MLB Players Association president challenges Congress on supplement regulation

WASHINGTON For all the talk on steroid use and what impact the use of those steroids by sports stars/heroes is having on today’s youth, supplements continue to be drawn into the mix.

Steroids and supplements were linked again Tuesday, during the House Committee on Oversight and Government Reform Hearing on Illegal Steroid Use by Major League Baseball Athletes, when Donald Fehr, executive director of the Major League Baseball Players Association challenged Congress to examine whether or not the Food and Drug Administration is doing its job in regulating dietary supplements. “Finally, as I have previously suggested, perhaps the Congress should examine whether the Dietary Supplement Health and Education Act—DSHEA, as it is commonly known—is being adequately enforced,” he charged during his prepared testimony. “One of the members on the panel in his opening statement, or in one of the questions, suggested to kids buying stuff in stores. To the extent that that’s true, and I think it is, that means it is available in stores and legally.”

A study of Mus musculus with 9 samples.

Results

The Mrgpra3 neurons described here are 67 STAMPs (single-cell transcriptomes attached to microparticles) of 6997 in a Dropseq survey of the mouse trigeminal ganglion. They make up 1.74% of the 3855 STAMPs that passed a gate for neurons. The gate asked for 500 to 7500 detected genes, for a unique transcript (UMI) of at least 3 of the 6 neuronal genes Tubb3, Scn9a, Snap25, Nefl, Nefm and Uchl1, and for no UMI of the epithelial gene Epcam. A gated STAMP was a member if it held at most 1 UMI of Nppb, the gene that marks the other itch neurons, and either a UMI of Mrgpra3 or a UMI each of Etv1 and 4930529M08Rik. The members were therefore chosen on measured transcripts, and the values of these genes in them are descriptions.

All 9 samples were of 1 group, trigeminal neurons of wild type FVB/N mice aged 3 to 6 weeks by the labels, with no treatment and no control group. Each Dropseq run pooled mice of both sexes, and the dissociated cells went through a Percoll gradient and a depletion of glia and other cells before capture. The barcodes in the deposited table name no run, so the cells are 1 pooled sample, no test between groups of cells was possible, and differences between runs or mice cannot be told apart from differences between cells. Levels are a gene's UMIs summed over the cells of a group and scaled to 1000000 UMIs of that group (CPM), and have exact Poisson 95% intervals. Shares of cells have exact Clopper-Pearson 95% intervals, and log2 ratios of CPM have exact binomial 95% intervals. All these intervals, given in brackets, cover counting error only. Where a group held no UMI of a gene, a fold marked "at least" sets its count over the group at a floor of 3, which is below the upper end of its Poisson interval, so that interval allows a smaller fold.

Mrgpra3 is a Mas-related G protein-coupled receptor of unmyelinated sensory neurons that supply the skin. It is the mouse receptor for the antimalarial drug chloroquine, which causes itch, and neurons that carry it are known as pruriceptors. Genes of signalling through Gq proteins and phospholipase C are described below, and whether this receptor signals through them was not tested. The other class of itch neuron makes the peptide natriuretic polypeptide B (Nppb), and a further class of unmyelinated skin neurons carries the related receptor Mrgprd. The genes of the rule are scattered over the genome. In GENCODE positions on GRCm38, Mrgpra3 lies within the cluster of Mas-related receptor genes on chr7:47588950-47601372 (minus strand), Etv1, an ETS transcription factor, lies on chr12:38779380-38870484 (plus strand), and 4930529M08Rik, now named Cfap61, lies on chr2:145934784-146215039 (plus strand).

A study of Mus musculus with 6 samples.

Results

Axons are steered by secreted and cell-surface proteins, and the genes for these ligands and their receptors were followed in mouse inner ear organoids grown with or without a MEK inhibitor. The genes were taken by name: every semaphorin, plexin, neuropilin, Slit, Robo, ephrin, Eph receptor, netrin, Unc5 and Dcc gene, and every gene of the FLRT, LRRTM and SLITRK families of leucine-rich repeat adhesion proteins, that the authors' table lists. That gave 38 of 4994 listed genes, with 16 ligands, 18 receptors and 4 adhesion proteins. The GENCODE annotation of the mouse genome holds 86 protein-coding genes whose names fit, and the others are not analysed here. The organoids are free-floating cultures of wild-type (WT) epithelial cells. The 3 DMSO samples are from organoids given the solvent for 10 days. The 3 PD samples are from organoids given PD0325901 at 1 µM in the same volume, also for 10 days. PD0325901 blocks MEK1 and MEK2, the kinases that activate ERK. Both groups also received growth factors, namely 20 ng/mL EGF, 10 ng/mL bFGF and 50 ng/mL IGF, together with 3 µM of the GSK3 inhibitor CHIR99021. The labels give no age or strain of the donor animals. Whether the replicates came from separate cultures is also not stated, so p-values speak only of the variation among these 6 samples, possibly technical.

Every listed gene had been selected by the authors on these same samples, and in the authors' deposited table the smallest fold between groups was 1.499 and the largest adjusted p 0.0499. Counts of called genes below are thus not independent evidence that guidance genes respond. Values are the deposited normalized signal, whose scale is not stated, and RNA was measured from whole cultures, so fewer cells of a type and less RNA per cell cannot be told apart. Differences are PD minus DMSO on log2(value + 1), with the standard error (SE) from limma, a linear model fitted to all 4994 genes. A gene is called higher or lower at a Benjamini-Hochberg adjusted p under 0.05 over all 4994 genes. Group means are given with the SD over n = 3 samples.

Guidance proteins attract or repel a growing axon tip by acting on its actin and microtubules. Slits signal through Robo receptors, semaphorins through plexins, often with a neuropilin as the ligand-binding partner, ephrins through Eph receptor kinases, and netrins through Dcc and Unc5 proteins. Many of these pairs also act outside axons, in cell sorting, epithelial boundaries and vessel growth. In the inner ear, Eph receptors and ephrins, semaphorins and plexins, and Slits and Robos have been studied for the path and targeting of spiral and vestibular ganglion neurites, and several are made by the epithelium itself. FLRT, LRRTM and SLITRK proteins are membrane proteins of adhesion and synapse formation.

Later, Rep. John Sarbanes, D-Md., shared a story about a video he had bought for his 14-year-old son to help prepare for the ensuing youth league season. The video recommended a course of supplements, Sarbanes said. “At the end of it, the person on the videotape said, ‘So what you need is three things: You need the equipment; you need this instruction booklet on how to make sure your form is good; and then, of course, you need these supplements that you can go buy, too.’”

In response, Fehr said, “If any of you haven’t done it, please go to the drug store or GNC or somewhere else and look what’s up on the shelves. Every tree, every grass, every bush, every mineral … everything else anybody’s ever heard of is there,” he said. “When I mentioned in my prepared testimony in my opening remarks that one of the things that may bear consideration is a review of the dietary supplements act, DSHEA, to see if it makes sense—so that we don’t, in effect, advertise to kids.”